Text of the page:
Washington, D.C. – Today at 9:30 a.m., House Foreign Affairs Committee Chairman Ed Royce (R-CA) will convene a hearing entitled “The FY 2019 Foreign Assistance Budget.” Live webcast and witness testimony will be available HERE.

Below is Chairman Royce’s opening statement, as prepared for delivery at the hearing:

“It’s critical that the U.S. be engaged throughout the world. We have security, trade, humanitarian and many other interests worldwide. U.S. development and diplomacy activities abroad protect and advance these interests.

Today we will hear from Ambassador Mark Green, a former member of this committee, to review the administration’s Fiscal Year 2019 budget request for the U.S. Agency for International Development – the premier development agency worldwide. It’s your first appearance before the committee. Welcome Mark.

Regrettably, the administration has again proposed cutting USAID’s funding by 33 percent – despite the fact that foreign aid accounts for less than one percent of the budget. As Secretary Mattis has said, undercutting diplomacy and development only increases the likelihood that U.S. forces will need to deploy in the first place.

Indeed, these proposed cuts would impact a number of U.S. priorities – including efforts to combat terrorists, poachers and human traffickers. U.S. leadership was key to stopping Ebola in West Africa, and continued engagement is needed to address future health threats before they hit our shores. The U.S. also has a proud legacy of supporting electoral processes and democratic institutions, providing a lifeline to people fighting for freedom and suffering under authoritarian regimes worldwide. These efforts shouldn’t be shorted. And we see proposed cuts to humanitarian assistance at a time when more than 65 million people have been displaced by conflict, and famine looms in at least four countries.

Now, everyone agrees that these overseas programs can be improved. Both USAID and the Department of State need to better align U.S. assistance with our most pressing national security objectives. They also need to eliminate duplication and waste, and promote a capable and adaptable workforce. However, I worry that this budget request will hamstring USAID’s efforts on these fronts.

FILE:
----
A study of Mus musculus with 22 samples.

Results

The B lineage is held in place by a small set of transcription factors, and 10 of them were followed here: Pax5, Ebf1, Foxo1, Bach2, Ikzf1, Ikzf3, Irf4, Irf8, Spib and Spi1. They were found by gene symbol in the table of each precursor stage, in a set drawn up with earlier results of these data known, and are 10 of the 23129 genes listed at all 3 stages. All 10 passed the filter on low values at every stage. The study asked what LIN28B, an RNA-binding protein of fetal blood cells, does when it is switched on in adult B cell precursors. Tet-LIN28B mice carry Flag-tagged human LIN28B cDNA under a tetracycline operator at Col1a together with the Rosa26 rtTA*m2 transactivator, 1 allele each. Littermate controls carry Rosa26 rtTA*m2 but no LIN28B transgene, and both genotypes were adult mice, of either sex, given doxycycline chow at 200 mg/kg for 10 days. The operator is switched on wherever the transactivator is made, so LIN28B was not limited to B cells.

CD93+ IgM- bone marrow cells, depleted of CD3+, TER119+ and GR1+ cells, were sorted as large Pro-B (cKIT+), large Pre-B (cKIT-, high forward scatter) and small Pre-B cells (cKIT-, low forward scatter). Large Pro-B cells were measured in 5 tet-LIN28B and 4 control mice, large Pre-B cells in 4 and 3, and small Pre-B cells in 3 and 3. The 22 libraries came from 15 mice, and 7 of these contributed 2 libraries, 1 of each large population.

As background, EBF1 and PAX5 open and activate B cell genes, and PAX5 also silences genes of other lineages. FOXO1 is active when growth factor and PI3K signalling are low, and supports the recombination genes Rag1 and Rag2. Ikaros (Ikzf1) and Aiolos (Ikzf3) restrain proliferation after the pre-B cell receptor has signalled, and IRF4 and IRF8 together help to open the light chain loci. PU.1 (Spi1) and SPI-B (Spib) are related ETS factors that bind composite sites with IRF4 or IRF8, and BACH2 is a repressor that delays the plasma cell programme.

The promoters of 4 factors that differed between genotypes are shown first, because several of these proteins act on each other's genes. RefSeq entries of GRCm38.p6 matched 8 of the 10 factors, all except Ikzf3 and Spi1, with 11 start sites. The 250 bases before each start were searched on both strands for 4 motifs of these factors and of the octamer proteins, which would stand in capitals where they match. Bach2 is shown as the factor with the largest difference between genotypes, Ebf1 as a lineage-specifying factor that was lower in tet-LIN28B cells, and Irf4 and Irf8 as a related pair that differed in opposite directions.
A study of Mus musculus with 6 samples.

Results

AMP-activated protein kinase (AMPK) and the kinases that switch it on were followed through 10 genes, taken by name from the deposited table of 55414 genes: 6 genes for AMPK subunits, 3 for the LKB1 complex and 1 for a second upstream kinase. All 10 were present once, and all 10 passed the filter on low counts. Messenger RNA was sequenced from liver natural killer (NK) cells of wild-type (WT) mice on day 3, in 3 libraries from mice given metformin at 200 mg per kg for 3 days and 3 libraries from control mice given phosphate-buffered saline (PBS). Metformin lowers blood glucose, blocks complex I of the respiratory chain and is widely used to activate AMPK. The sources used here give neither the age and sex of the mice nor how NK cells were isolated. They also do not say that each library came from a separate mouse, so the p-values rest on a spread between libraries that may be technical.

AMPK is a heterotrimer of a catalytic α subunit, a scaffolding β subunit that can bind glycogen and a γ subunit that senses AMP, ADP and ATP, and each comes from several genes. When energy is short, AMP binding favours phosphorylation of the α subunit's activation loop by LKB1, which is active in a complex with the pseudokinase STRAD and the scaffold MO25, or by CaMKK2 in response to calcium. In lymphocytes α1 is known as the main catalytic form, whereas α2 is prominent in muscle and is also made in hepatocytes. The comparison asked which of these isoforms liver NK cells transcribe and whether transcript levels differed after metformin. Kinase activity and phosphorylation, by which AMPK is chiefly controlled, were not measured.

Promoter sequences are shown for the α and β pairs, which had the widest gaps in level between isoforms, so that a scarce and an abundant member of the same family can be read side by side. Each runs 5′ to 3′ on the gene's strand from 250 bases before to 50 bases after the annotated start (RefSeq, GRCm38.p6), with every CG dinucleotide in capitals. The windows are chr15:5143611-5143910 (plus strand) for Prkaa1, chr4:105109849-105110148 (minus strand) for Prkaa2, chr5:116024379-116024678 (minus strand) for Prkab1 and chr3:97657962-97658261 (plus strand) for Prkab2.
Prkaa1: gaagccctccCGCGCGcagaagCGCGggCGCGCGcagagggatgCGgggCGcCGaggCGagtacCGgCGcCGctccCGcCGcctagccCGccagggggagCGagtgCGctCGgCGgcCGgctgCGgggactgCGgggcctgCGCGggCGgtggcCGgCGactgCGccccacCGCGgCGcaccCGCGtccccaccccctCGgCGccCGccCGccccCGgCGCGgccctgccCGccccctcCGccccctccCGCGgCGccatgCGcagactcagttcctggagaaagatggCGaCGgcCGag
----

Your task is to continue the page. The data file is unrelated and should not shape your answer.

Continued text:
That said, there are some bright spots in this budget request. It supports the creation of a Development Finance Institution that could unleash the power of private sector-led growth, while expanding opportunities for U.S. investment and trade – a proposal with bipartisan, bicameral support that this committee will soon consider.

The budget prioritizes funding for programs that promote greater self-reliance, including helping countries mobilize their own resources for development. It emphasizes transparency, accountability, and programming for results. The budget also gives us a glimpse into some of the much-needed organizational changes at USAID. Already, Ambassador Green has improved coordination with DoD, helping to ensure that development interests are on a level playing field with diplomacy and defense.

Just as aid can’t be an entitlement for those overseas, it shouldn’t be an entitlement here at home. This includes food aid, which for too long has been treated as an entitlement for a handful of shipping companies rather than as a humanitarian program meant to save lives. I look forward to working with the administrator to ensure that the Food for Peace program is fully reformed so we can stretch our aid dollars further and save more lives.

U.S. foreign aid is a needed tool to advance vital U.S. economic, humanitarian and security interests. Ambassador Green, I look forward to working with you and committee colleagues to see that USAID remains a world-class, cutting-edge development agency.”